Ferris Bueller had crossed my mind. There were some obvious parallels to the movie. Like Ferris, my son is a spirited, upbeat boy who loves a good time. And, also like Ferris, his coming-of-age story featured the ruination of an extremely valuable car. He had taken a four-foot, 500 horsepower ride to manhood.
We had a hard call to make. Would it be grounding for life? Let it go? Something in between? Will was a teenage boy. One of the world's hottest cars had been sitting in our garage, calling to him like the sirens of Homer's Odyssey. He had a friend to show off for. Will had taken the key, intending to turn on the stereo and navigation system, only to inadvertently fire up an engine that could launch the car to 100 km/h in just over three seconds. He didn't know how to drive a standard. The outcome had been written in bent metal.
A lawyer friend who has known Will since he was 11 called me at the office. He was laughing so hard that he cried. In his view, Will had made a standard teenage mistake that happened to involve an expensive car. "He's a great kid," he said. "Give him a break."
As I saw it, raising our boy was a lot like training a horse. I didn't want to break his spirit and turn him into a pit pony. Neither did I want him to become El Diablo. I hoped he would end up as Secretariat - a disciplined champion.
My wife and I decided that Will would have to repay our insurance deductibles and discount losses by getting a summer job. The total would be about $750. Porsche's deductible on the car was $10,000. I offered to pay it. Mr. Bye said no.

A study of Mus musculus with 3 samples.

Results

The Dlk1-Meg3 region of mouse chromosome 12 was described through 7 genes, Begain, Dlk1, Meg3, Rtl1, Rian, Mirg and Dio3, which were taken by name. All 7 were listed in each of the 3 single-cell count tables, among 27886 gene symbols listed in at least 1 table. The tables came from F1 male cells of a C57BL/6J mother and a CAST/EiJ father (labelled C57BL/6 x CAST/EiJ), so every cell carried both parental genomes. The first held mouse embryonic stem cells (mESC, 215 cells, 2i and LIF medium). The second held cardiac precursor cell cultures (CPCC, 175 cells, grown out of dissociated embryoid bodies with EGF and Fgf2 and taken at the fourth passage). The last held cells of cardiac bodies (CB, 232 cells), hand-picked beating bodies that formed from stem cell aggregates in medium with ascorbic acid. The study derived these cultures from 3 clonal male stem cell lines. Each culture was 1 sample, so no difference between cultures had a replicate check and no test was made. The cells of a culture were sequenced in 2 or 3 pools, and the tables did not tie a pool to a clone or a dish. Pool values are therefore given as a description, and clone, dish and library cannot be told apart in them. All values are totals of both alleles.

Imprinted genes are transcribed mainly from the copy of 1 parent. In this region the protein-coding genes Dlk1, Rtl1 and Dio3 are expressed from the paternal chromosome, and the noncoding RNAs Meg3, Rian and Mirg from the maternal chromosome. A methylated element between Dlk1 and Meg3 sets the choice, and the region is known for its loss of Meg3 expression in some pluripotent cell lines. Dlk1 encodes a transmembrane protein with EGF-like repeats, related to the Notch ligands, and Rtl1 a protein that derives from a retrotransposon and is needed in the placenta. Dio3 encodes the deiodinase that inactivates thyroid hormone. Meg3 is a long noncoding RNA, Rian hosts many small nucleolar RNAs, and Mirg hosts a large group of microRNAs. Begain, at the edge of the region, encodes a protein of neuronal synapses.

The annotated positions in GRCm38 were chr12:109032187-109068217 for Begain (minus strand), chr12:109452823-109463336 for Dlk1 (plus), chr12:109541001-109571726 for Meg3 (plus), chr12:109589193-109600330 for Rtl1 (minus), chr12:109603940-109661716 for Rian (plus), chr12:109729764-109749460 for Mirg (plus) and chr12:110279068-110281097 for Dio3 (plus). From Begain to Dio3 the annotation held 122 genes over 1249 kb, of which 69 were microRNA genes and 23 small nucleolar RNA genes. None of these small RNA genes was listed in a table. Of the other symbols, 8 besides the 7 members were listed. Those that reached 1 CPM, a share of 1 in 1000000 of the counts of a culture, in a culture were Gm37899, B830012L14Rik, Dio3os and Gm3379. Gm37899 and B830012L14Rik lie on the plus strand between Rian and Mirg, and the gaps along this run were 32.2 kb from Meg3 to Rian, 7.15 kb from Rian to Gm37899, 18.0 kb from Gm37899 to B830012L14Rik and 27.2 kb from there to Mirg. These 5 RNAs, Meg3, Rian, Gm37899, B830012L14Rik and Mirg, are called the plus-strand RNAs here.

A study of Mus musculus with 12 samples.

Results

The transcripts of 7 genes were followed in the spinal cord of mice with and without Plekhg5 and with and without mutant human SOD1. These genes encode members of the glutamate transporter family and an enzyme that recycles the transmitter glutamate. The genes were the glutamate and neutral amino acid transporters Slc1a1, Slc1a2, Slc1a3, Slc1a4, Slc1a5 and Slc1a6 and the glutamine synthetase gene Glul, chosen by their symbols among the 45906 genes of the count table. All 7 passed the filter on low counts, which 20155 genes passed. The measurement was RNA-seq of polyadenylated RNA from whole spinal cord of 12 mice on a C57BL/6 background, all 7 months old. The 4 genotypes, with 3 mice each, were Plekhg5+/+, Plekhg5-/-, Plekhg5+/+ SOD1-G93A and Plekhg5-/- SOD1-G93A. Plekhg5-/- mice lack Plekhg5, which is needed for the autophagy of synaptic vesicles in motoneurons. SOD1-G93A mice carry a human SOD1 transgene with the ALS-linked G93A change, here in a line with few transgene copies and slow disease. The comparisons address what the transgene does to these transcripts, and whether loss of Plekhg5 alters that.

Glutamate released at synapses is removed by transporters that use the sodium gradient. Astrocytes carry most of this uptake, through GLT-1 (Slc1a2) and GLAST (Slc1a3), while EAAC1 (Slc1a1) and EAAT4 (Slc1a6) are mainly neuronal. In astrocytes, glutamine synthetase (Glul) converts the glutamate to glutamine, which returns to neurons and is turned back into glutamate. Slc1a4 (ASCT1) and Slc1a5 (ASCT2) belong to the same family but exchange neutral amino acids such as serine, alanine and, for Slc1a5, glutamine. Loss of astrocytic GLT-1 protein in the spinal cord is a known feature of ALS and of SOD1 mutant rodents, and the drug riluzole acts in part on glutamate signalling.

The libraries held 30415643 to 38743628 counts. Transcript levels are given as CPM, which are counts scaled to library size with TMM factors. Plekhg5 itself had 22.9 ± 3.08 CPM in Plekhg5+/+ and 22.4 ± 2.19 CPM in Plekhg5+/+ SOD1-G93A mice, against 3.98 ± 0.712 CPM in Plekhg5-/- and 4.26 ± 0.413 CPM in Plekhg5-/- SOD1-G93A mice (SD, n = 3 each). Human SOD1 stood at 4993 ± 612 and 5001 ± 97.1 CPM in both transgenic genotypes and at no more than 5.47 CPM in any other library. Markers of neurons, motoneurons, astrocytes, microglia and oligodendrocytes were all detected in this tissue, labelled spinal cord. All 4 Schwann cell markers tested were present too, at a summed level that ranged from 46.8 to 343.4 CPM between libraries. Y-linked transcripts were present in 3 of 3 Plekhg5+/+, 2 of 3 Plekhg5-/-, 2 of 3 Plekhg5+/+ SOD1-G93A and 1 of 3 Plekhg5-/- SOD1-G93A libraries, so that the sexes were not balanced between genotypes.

I woke up the next morning sick to my stomach. I was the car journalist whose son had trashed a brand new Porsche Turbo. That wasn't good. And I was still weighing my son's punishment. I looked in my inbox. There was an e-mail from Mr. Bye. It was a picture of a Porsche executive standing in the Siberian desert with a bandage wrapped around his head. Behind him was a new Porsche Cayenne, completely destroyed after a high-speed crash, its components littered across the sand.
Mr. Bye had provided some perspective - and some heart. Porsche is a large corporation. They would not be happy about the trashing of their expensive car. But they had sucked it up and tried to make my son and I feel better. Mr. Bye's gesture reminded me of a story about Frank Sinatra's handling of a home disaster. When Frank's daughter Nancy was young, she hosted a party at his house. On a table was a pair of priceless crystal birds. Suddenly there was a crash, and the room fell silent - one of Nancy's friends had knocked one of the birds off the table, destroying it.
All eyes turned to Sinatra, the legendary Chairman of the Board. Sinatra stood silent for a moment. Then he swept the second bird off the table with the back of his hand. It exploded on the floor like a high-priced crystal grenade.
"Don't worry about it," Sinatra announced.
- My son has agreed to do a minimum of one week's labour for Mr. Bye
- Initial body shop estimate for the 2010 Porsche Turbo - $11,000 plus taxes.
- My garage door was replaced last week, along with the door tracks, opener and door frame. I spent seven hours working alongside the installer. Total cost was $2,700. My insurance deductible was $500. I lose my no-claims insurance discount for three years.
- Later this summer, based on his schedule, my son will attend Apex driving school, where he will be trained in advanced car control and learn to drive a standard transmission.